Chancellor Jeremy Hunt made some significant changes to pension rules in his 2023 Spring Budget.
He is scrapping the lifetime allowance – the limit on how much someone can generally put aside in pension savings before they have to pay a lifetime allowance charge. The current limit, £1,073,100, was set to be in place until 2026, but the allowance will be fully abolished from April 2024.
Mr Hunt also extended the annual pension allowance – the most someone can pay into a pension in any given tax year without a penalty. It’s set to go up by 50%, to £60,000 from £40,000. However, high earners will have their allowance tapered down, depending on how much they earn, to a minimum of £10,000. As always, it’s worth seeking independent tax advice to understand your position.
The changes are primarily designed to encourage older doctors with defined benefit pension schemes to stay in or return to work, as they may otherwise incur lifetime allowance charges. The Chancellor told MPs during his Budget speech that “no one should be pushed out of the workforce for tax reasons”.
The maximum, non-protected amount you can take out of your pension tax free when you reach minimum pension age as a one-off lump sum remains 25%, but it will now be capped at £268,275.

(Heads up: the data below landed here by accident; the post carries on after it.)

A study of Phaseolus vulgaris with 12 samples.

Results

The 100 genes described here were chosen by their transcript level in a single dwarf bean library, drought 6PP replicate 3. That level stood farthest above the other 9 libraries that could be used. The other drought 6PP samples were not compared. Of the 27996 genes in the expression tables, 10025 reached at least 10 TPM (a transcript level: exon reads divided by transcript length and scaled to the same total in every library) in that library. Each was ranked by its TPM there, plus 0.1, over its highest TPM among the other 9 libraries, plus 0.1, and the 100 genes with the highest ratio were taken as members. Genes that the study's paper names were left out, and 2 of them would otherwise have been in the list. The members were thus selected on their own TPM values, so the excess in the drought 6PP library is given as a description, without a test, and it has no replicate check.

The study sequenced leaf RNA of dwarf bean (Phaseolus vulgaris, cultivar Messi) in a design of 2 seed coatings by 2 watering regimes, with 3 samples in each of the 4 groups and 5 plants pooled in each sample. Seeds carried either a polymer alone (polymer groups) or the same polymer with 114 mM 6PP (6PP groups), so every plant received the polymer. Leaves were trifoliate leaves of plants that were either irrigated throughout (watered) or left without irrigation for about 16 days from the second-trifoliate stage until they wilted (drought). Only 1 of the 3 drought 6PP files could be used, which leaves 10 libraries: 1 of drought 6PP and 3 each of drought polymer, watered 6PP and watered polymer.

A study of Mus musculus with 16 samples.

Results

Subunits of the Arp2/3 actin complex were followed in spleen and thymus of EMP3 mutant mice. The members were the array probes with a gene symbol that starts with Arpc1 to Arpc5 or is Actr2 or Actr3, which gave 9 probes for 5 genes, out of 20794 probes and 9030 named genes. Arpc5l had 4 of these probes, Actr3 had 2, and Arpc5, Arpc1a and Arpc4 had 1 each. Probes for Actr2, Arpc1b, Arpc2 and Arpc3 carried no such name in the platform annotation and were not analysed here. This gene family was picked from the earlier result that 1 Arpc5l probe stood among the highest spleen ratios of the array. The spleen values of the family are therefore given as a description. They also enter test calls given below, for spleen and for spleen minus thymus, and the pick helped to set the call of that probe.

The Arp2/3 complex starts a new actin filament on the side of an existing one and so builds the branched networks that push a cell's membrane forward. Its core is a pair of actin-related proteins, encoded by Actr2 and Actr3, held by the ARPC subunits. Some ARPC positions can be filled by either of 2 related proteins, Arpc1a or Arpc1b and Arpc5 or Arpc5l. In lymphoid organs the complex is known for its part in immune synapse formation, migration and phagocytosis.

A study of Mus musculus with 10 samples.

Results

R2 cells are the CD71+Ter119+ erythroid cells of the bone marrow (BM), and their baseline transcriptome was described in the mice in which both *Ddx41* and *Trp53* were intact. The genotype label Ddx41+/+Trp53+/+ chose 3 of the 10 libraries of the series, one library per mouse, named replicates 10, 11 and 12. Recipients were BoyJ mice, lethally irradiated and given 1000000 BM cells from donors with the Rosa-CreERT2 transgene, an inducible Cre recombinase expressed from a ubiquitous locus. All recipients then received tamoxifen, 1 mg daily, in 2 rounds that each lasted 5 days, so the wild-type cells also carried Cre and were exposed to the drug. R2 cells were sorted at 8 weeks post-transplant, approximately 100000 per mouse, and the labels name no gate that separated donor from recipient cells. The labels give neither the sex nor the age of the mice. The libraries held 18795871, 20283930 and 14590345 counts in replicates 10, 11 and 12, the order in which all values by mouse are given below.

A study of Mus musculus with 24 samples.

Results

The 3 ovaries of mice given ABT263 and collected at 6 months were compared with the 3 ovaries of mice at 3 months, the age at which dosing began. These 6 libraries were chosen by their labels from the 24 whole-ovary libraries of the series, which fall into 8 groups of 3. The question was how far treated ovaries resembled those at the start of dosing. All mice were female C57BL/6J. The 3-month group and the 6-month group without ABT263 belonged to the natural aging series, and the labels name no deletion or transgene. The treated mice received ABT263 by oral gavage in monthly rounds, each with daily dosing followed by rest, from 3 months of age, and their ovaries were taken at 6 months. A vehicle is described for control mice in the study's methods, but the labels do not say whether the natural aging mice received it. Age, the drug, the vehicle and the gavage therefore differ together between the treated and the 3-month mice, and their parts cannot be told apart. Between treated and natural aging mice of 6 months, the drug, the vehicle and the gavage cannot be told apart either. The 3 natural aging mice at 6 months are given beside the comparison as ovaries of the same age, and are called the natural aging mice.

Irene Wolstenholme, tax specialist at Coutts, explains that the lifting of the lifetime pension allowance could have positive implications for inheritance tax planning.
She says, “If you pass away before you draw your pension, under certain conditions it can pass to your dependents without incurring inheritance tax. So the government lifting the limit on how much you can put into your pension without paying additional tax could be an efficient way to pass your money on to your loved ones.”
But she adds, “The detail around the legislation needed for these changes is not yet clear, and will still be debated within Parliament. Also, if you die after 75, there may be income tax consequences for your beneficiaries to consider, who would normally be taxed at their marginal rate of tax.”